Studying the Effect of Implied Win Probability on NFL Props at Quarterback

  • We’ll examine the effect that a team’s implied win probability (i.e. Money Line odds) has on NFL player props — do projected game scripts affect prop results as much as we think?
  • This data comes courtesy of the player prop database at and is composed of all closing lines from Bovada going back to 2017
  • This is the third of a four-part series, as we now look at this effect at quarterback; you can find the research for RBs here and WRs here

The conclusions from those two pieces have been surprising, so you’ll want to go ahead and check those out before we move on to QBs. Intuitively, it would make sense that they attempt and complete more passes and possibly throw for more yards when their team is expected to lose.

On the converse, teams that are expected to win might employ a more run-heavy approach in an effort to drain the clock, and their QB’s volume numbers would suffer as a result.

But is that giving us an edge in the NFL player props betting market? Let’s take a look.

Editor’s note: Keep in mind that while this data is a helpful guide, it is not perfect nor complete — it’s one snapshot in time from one specific betting market, and results will vary across different books.

More Counterintuitive Results with One Big Difference

How do QBs perform relative to their Over/Under total on different prop bet types when their team is favored?

Because it doesn’t seem fair to put all favored teams in the same bucket, I separated them into three groups:

  • Heavy Favorites (>=75.0% implied win probability or at least -300 on the Money Line)
  • Sizable Favorites (62.5-74.9% implied win probability or between -167 and -299 on the Money Line)
  • Slight Favorites (50.0-62.4% implied win probability or +100 to -166 on the Money Line)

You can also use this reference table below to see the definition of each group.

First, let’s see the data for QBs whose team was favored.

Next, QBs who were playing for the underdog.

How to Read the Table

Let’s use passing attempts as an example. You might think that a QB who’s playing for a heavy underdog would go over their attempts total more often because they would need to throw more passes to catch up, plus the perception of a garbage-time bump.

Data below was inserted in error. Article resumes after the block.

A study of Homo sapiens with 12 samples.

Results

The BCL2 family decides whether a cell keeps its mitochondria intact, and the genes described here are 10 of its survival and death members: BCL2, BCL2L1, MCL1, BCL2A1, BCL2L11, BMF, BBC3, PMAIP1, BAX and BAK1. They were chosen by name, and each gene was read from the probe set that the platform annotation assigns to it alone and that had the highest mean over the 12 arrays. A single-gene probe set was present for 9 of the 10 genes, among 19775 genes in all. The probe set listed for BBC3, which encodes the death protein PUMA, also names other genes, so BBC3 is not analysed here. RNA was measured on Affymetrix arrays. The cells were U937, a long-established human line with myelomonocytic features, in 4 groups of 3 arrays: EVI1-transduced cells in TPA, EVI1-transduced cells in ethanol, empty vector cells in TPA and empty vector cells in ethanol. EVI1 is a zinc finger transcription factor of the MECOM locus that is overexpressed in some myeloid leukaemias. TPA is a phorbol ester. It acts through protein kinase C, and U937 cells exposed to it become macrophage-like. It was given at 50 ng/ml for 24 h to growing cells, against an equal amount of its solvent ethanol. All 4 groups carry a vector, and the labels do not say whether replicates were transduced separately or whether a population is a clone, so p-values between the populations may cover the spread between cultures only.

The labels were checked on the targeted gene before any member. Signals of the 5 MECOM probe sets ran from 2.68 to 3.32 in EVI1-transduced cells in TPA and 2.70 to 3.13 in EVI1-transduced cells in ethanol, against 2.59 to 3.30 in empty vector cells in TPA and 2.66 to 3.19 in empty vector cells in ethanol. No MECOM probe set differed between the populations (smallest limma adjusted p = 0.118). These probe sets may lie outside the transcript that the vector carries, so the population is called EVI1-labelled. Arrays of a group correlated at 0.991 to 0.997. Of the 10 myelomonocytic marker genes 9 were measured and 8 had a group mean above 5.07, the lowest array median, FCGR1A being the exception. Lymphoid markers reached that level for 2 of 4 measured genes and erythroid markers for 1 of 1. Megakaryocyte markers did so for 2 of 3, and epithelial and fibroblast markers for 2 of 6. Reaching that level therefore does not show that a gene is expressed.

In fact, QBs go under 61.4% of the time when they are expected to lose big.


  • QBs generally go under their passing yards, passing attempts, and completions more as underdogs. This is counterintuitive, but it aligns with what we now know about RBs and WRs.
  • For the most part, we’ve gone with the theory that linemakers overcorrect for projected game script, but there could be another reason here. Since QB is the most important position, it’s possible teams are underdogs because their QB is bad. That would mean it’s possible QBs go under their props more as underdogs because they are the reason their team isn’t expected to win.
  • Once again, it’s important to zoom out instead of honing in on one number. For example, QBs go under their passing attempts line 61.4% of the time as heavy underdogs but only 55.5% of the time as sizable dogs. That’s a massive difference considering those two buckets are right next to each other, and the real number for both groups probably lies somewhere in the middle.
  • This doesn’t come as a surprise, but it’s almost always wise to bet the under – or is it? At least for passing yards, passing attempts, completions, and rushing yards, the under reigns supreme. Touchdowns and interceptions are more interesting, as we’ll talk about in the few bullet points.
  • As heavy underdogs, QBs go over their interceptions line 58.2% of the time – a stark contrast from the trend we’ve seen with literally every other type of prop bet. Here’s the catch: Out of 1,442 total QB interceptions bets, the line was set at 0.5 on 1,398 of them. It was set at 1 on 31 of them. And 1.5 on 13. In other words, linemakers basically default to a line of 0.5 for interception props, and the juice is the only difference. Even though QBs who are heavy dogs go under their interceptions line just 41.8% of the time, you would still be profitable if you bet the under on every single one of them because the average odds are +145 (implied probability of 40.8%). Same thing for sizable underdogs who go under 48.3% of the time at +134 average odds (42.7% implied probability).
  • It’s the same deal with touchdowns, although this one isn’t as cut-and-dried. QBs go under as heavy favorites 48.5% at +103 average odds – but you’re still negative because that’s an implied probability of 49.3%. It’s better to bet the under when a QB is playing for the underdog, but you’re still not getting much of an edge. They go under 53.4% at -111 average odds as slight underdogs, 63.9% at -120 as sizable dogs, and 59.7% at -129 as heavy dogs. On the whole, betting on QB TDs seems to be a dangerous endeavor.
  • For the most part, we haven’t paid too much attention to average odds because they are all about the same for the other props, but it’s important here.

How to Play It

As usual, our default lean should be under, although it’s important to be aware of how average odds factors into the equation. It’s also critical to know that linemakers and the general betting public often overcorrect for projected game script.

Editor’s note: For my money, these are the most actionable findings from this series so far. Betting QB unders has been a staple for us, and we will be targeting these specific types of spots more going forward. Unlike the WR and RB position, which is driven by volume, quarterbacks need to be efficient. Bad ones playing on big underdogs are typically not.

Thanks for reading Part 3 of this four-part series. We’ll look at tight ends next time in the fourth and final article.